Whilst Radio 2’s loss of almost a million listeners in the last year has garnered the most attention, with the publication of RAJAR’s latest audience numbers, from a broadcast PR perspective, it’s reassuring to see that talk based stations have fared so well.
RAJAR research, which measures the number of people listening to radio, is always widely anticipated by the industry, but arguably never so much as now, as the latest figures, covering January to March 2020 obviously cover the first part of the lockdown.
LBC, which started as a London based broadcaster but can now be heard nationally, has seen an increase in reach of 23.6% – a rise of half a million, to a record 2.78 million. For PR’s LBC is a difficult nut to crack, with it’s dedication to a hard news agenda they often give short shrift to PR generated stories. But pitch the mood and the topic right and the fruits of your labour can be more than worthwhile.
A recent successful placing on LBC for us was a law firm client, specialising in reputational risk, talking about the army helping with testing and using military tactics to get the country back to a sense of normal.
Nick Ferrari’s show was amongst the breakfast shows on the up, suggesting that his confrontational style continues to engage and entertain audiences. Zoe Ball’s Radio 2 show still has the biggest breakfast audience, despite losing nearly a million listeners a week from a year ago. And there’ll be further concern from the producers at Radio 1, Radio 4 and 5Live who all lost breakfast audiences too.
BBC Radio 4’s Today programme had 191-thousand fewer listeners in the first three months of the year, compared with the final quarter of 2019. This probably reflects new listeners who tuned in during the run up to December’s General Election but the BBC has recognised for sometime that audiences for traditional media are in decline as younger ones move to streaming services and get their news from social media.
That said, nothing can detract from the glory of a mention on Radio 4’s Today programme. Since I can remember the flagship programme has set the news agenda for the day – whatever stories are on the programme the chances are they will filter through to online, TV and tomorrow, newspapers. Lockdown has made such slots more valued than ever. Stories that complement the ongoing COVID-19 agenda work best, but a brand we helped support recently, the Asphalt Industry Alliance, got two mentions on the Today programme, for their State of the Nation’s Roads annual report.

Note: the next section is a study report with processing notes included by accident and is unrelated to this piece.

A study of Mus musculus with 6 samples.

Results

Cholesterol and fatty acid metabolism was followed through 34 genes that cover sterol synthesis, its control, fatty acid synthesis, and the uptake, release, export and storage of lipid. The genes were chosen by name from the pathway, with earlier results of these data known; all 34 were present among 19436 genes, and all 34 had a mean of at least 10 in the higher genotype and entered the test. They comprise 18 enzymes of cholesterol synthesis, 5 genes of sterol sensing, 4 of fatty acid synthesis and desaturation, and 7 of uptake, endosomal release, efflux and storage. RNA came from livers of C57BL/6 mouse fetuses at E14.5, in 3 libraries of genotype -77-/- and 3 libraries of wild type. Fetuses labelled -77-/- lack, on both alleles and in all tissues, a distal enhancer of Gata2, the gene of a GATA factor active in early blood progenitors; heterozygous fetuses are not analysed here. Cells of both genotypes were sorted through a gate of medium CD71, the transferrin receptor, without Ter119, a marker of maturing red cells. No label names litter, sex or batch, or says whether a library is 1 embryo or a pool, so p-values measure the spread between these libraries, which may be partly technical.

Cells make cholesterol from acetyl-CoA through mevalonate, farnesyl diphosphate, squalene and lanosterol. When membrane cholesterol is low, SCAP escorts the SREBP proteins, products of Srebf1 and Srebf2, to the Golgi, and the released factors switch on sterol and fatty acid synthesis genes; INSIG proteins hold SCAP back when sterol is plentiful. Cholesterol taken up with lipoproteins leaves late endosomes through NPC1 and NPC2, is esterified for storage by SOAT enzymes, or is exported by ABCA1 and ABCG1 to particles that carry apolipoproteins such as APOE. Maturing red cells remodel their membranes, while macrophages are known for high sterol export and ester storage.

In London, LBC continues to be the top commercial station, with 8.4% of market share, followed by Magic (4.5%) and Heart (4.4%). Capital follows next with 3.5%.
Regional radio, so often the first port of call for so many people when they want information, is seeing the strongest survive and thrive. Bauer local stations are mostly on the up including the ones that take PR content. For example, Downtown Radio in Northern Ireland has enjoyed a boost in numbers, as has Free Coventry and Warwickshire. Also within the Bauer stable, Spirit FM now has a weekly reach of 58-thousand and Dream 100 is up its highest weekly reach in four years at 40-thousand.
Global is faring less well. Out of the 18 Smooth services, only four have increased local audiences year on year. Of the nine Capital regions meanwhile, all were down year on year. Within the regions there was a little movement: Capital Coventry and Capital Lancashire were both up but Capital Brighton has plummeted from a weekly reach of 52-thousand a year ago, to just 16-thousand now. And at Heart all 14 of the regional services are down year on year.
The research also reflects an increase in online listening, thanks to smart speakers such as Amazon Alexa and Google Home. Online listening accounted for 14% of all listening in this first quarter, up more than a fifth from the previous year.
So why does this matter for broadcast PR? Well, we want our radio day schedules filled with the best audiences. For some clients that means as big a reach as possible – in which case we will be going for mainly urban based stations, spread across the country – but if what is most important to you is the communication of key messages, we’ll aim for the sorts of stations that will offer a live interview, giving you more air-time and opportunity to brand.
Broadcast is so often the first-place audiences go to find out important, new information and with the bulk of the working population beavering away at home rather than in the office it will be fascinating to hear what sort of impact this has made. We expect figures to have jumped up dramatically, but sadly it’s been reported that the COVID-19 pandemic has affected RAJAR’s ability to gather survey data, so I’m not sure we’re ever going to know for definite!
What you can be sure of though is the reliability and wide reach of radio PR, one of the most cost effective ways of reaching a broad or targeted audience. If you’ve got an upcoming campaign and you’d like to find out what’s possible on radio, please give us a call: 020 7240 7373. Or email firstname.lastname@example.org
We continue to offer all our services during the COVID-19 pandemic. To find out how a radio day works remotely see our blog on the subject here.